I’ve been missing for a few days, for a couple of reasons: A space opened up for my dad to be in a place that can give him better care (and can stop him from wandering out in the cold). It came up suddenly, and I went go up to help move him.
And that led right into a planned trip to Banff with family and friends, and we, among other things, tried a dog sled ride, which was far more fun than I expected. =
22 Years Ago Today:
I don’t think anyone would argue with me if I said it was a terrible trade.
We had won the World Series in 1992 and 1993. Then 1994, 95 and 96 didn’t go as well. Much like the Blue Jays story from the last few years, the Jays won with an older lineup and that lineup seemed to age quickly after the second World Series year. Maybe seeing the way things were heading, our GM Pat Gillick left the team, after the 1994 season, to take the same job with the Orioles.
Gord Ash took over the job with the Jays. It wasn’t good spot. There was only one way the team could go and that wasn’t up.
And Ash had a very popular, very strong willed, very opinionated manager. None of those are bad traits for a manager. But…..when you are a new GM, it is easy to be steamrolled by a strong manager.
So….the Jays had a line drive hitting, excellent defensive first baseman, just coming into his prime years, in John Olerud. But we also had an aging outfielder, Joe Carter, who really couldn’t handle playing the outfield everyday anymore, but he could play first (not as well defensively as Olrude, but he could handle the spot). Add in that he was a 2 time World Series hero. And we had a young potential superstar, Carlos Delgado, who had been mostly a DH, but who could play first. We had three guys for two spots.
Now, the smart thing for a team which should have been rebuilding would have been to keep the younger two, and see if they could trade the older player.
But Cito loved Carter. It was understandable. Carter helped him get 2 World Series wins. So he pushed to trade Olerud to made room for Carter to play everyday. Cito was never a huge fan of John’s, he wanted him to pull the ball more.
A strong GM might have stood up to his manager and said ‘No, Carter’s time is done, we need to rebuild around the younger guys.’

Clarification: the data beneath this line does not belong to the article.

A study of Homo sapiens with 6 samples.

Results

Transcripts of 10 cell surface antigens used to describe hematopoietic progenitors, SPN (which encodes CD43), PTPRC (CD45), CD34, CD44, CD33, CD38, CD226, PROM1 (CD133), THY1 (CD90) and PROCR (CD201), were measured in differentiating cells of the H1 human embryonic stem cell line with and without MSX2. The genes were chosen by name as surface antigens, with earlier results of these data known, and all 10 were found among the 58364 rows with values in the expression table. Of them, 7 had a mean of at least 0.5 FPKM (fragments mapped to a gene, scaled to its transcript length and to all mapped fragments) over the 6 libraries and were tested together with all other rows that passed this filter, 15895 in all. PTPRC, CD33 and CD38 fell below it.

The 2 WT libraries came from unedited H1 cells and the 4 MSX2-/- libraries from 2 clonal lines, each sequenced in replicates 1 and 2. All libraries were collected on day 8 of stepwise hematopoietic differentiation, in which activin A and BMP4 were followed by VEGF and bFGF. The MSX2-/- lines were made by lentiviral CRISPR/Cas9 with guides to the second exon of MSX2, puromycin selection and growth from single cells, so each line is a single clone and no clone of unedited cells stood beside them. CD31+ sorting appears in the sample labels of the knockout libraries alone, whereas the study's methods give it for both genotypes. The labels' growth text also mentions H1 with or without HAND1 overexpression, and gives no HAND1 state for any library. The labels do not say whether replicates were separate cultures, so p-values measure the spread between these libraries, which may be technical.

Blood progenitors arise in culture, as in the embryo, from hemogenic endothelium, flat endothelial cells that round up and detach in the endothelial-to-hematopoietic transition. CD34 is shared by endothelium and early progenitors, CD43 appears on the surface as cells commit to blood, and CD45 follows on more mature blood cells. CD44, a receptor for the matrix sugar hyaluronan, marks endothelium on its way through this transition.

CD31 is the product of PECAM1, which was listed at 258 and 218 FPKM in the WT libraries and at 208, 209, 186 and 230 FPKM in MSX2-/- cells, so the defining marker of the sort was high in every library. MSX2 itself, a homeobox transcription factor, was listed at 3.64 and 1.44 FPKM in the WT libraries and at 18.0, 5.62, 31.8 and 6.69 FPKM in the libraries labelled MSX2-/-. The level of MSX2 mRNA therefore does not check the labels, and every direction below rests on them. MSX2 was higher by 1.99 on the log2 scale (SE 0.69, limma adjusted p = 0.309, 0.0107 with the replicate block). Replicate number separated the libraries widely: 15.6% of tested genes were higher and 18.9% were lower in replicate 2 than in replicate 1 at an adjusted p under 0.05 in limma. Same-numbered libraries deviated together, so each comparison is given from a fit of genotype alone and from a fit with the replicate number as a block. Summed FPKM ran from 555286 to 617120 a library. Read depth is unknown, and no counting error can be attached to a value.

Or a good GM could have gotten a good return for a player like Olerud.
Ash traded for Robert Person.
Person, at 27, had pitched 101.2 innings for the Mets. He had a 4.07 ERA in 30 games, 14 starts. He had 86 strikeouts and 37 walks in those 101.2 innings. There wasn’t much in his minor league history that suggested he was going to become a star.
Person was a Jay for 2 seasons plus a month. He had a 8-13 record and a 6.18 ERA in that time, pitching in 61 games, 22 starts, 177.2 innings. He allowed 179 hits, 97 walks, 142 strikeouts and, most notably 29 home runs.
On May 5, 1999 we shipped him to the Phillies for Paul Spoljaric (his second stint with the Jays would last one season, 4.65 ERA in 62 innings, mostly pitching out of the pen).
Person? Well, he turned around his career with the Phillies. He had a 38-24 record and 4.23 ERA in 4 seasons, 108 games, 99 starts. He would win 15 games in the 2001 season.
Carter would play 1 more season with the Jays. hitting .234/.284/.399 with 21 home runs (and a pretty amazing 102 RBI, considering those numbers). He would leave as a free agent after the season, signing with the Orioles and was traded to the Giants mid-season. He retired after the season.
Olerud? He would play 3 seasons with the Mets, hitting .315/.425/.501 with 63 homers. After that he played 5 years for the Mariners hitting .285/.388/.439 with 72 homers. He finished a 17 year career with a .295/.398/.465 line, 2239 hits and 255 home runs. Not quite a Hall of Fame career (though if Harold Baines can make the Hall…..), but a pretty decent one.